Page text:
Will GOP states reject the Affordable Care Act in defiance of the Supreme Court ruling?
The Supreme Court’s decision to uphold or strike down the Affordable Care Act (ACA) was guaranteed to be controversial either way, but the real surprise came in the aftermath when 10 Republican governors announced that they would refuse to implement Medicaid expansion and turn down the federal funding, and 19 more are on the fence.
Florida’s governor Rick Scott led the charge, claiming that Medicaid was “growing three and a half times as fast as Florida’s general revenue” and that money was needed for education. There is little doubt that Florida education is in trouble. The year after Governor Scott cut $1.6 billion out of the budget, more than 80% of Florida’s students failed the writing portion of the FCAT – a deeply controversial mandatory test used to determine how education funds are distributed. But Governor Scott’s reasoning ignores the fact that federal money will pay all of the money for the expansion for three years, and most of it after 2016.
How will this affect Florida? Currently more that 20% of the population of the state is uninsured, about four million people. Florida also has a higher than average unemployment rate. Expanding the Medicaid program would mean an increase in high-paying jobs across the medical spectrum, which also means a lower unemployment rate and higher tax revenues. What no one has talked about yet is the number of people who retire to Florida. Without an expansion of medical workers and facilities that would come with the Medicaid money, will the state survive the influx of baby boomer retirees?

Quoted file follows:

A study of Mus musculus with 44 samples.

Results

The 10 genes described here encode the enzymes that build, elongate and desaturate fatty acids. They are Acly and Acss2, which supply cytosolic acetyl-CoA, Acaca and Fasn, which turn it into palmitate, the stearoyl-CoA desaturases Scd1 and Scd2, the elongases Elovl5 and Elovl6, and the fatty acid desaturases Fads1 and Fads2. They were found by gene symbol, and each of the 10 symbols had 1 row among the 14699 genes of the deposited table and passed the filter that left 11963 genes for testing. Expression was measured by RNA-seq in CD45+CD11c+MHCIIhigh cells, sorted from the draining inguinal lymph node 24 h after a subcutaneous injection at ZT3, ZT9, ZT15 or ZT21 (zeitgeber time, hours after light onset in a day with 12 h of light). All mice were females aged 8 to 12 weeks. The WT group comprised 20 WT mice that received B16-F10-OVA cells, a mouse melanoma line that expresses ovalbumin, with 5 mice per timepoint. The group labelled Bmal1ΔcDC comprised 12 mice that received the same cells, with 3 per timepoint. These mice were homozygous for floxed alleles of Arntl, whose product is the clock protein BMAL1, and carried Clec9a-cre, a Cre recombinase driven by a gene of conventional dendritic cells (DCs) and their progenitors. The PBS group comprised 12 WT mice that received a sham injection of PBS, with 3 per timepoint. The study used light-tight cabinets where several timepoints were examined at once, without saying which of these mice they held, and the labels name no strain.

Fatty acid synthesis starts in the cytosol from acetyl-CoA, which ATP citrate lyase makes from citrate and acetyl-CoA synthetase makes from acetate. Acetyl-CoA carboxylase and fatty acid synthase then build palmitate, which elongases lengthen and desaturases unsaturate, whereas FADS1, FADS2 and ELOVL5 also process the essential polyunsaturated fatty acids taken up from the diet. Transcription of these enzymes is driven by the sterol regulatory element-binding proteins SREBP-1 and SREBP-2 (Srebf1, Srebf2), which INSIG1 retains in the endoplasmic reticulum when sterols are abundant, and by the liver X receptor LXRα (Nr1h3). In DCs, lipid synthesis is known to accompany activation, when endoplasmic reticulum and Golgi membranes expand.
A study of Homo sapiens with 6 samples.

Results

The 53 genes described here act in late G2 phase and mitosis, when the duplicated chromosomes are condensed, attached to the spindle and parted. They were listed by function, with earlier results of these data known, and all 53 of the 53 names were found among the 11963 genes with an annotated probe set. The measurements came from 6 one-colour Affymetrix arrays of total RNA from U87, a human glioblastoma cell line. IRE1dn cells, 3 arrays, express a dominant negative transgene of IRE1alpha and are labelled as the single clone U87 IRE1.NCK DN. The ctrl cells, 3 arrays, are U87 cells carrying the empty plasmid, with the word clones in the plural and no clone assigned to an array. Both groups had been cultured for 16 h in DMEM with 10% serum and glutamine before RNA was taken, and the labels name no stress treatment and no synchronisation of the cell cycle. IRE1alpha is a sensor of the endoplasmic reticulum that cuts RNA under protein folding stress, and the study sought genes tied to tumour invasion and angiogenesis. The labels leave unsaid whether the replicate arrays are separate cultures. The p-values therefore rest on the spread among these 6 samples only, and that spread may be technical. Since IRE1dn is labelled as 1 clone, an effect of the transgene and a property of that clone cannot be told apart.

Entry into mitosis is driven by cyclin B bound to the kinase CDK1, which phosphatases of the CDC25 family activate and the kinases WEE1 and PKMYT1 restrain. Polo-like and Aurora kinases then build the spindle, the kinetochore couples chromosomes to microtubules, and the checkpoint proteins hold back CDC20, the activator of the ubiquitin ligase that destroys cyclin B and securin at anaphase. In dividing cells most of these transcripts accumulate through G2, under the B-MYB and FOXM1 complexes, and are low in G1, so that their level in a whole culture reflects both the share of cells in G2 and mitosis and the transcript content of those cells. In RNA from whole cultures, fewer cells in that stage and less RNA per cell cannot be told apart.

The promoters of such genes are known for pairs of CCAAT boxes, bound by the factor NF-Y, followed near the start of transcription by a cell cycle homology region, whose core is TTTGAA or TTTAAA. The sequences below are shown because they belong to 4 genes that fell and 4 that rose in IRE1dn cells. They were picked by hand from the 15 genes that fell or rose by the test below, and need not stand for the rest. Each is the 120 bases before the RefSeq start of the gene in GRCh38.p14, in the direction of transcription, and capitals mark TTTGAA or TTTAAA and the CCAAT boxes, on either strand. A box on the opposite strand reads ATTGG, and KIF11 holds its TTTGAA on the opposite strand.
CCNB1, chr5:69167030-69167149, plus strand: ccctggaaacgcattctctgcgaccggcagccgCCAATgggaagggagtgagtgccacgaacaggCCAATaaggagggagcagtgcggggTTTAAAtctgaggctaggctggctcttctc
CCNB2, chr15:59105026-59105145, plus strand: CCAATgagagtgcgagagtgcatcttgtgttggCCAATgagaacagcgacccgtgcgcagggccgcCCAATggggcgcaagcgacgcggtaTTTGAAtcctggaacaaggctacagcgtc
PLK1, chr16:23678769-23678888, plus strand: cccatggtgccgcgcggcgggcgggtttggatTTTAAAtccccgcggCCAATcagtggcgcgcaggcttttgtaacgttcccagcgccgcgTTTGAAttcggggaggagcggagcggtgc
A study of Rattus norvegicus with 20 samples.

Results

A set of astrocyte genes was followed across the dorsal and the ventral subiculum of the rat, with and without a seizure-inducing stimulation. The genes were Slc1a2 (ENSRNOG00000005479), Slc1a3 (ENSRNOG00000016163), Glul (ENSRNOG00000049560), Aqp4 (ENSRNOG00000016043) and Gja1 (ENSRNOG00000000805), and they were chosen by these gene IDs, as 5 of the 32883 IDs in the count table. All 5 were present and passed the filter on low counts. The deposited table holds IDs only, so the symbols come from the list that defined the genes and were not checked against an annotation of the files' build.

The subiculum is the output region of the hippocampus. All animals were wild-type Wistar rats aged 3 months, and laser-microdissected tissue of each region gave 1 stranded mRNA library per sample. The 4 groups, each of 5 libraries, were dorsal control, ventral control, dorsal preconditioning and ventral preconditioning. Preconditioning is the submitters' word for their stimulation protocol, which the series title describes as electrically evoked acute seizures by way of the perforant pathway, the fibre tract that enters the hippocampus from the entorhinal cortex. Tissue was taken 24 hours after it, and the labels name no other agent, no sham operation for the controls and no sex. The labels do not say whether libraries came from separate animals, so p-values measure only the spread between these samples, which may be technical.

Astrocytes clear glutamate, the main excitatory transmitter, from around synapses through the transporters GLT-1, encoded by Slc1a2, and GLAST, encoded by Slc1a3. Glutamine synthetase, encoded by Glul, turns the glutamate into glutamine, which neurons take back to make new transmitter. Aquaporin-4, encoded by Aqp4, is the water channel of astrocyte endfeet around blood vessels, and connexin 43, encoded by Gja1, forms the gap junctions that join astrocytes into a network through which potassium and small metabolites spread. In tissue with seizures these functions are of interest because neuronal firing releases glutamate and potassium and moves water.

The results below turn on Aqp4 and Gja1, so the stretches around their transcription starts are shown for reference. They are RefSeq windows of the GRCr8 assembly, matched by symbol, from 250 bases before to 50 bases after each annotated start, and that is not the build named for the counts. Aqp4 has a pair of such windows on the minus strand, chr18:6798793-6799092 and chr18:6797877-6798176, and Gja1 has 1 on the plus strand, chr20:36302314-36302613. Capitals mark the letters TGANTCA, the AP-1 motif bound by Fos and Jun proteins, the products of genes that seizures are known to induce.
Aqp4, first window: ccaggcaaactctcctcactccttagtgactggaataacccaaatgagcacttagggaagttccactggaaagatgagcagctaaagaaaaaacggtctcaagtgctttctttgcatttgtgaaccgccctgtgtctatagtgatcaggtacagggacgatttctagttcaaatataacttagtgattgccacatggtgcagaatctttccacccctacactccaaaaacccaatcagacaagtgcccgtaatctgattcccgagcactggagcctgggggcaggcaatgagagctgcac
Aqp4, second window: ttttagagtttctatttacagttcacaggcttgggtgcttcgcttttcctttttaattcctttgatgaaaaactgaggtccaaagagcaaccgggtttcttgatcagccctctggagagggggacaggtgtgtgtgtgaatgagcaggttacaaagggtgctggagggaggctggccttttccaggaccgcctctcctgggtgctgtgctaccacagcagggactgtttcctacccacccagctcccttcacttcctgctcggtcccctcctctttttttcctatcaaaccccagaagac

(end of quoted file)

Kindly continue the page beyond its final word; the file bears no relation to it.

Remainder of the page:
On his radio show, outspoken NJ Governor Chris Christie made no bones about his agenda. He will veto any implementation of the ACA that does not directly break the law – until after the election.
According Rick Moran of the conservative website American Thinker, the stance from GOP governors is mostly symbolic. HHS is authorized to set up an insurance exchange for any state that refuses, and people eligible for Medicaid will be able to apply for hardship waivers or their health insurance will be subsidized by taxpayers on the state level. Kate Pickert, reporting for the Times, puts it this way, “In these cases, the federal government will step in, set up an exchange, and run it. This means these Republicans leaders will have to explain that they inadvertently invited more federal control in their effort to resist Obamacare.”
We’d love to know what you think about this. Is it fiscally responsible for Republican governors to reject the ACA, or is it political sleight of hand? How will voters react?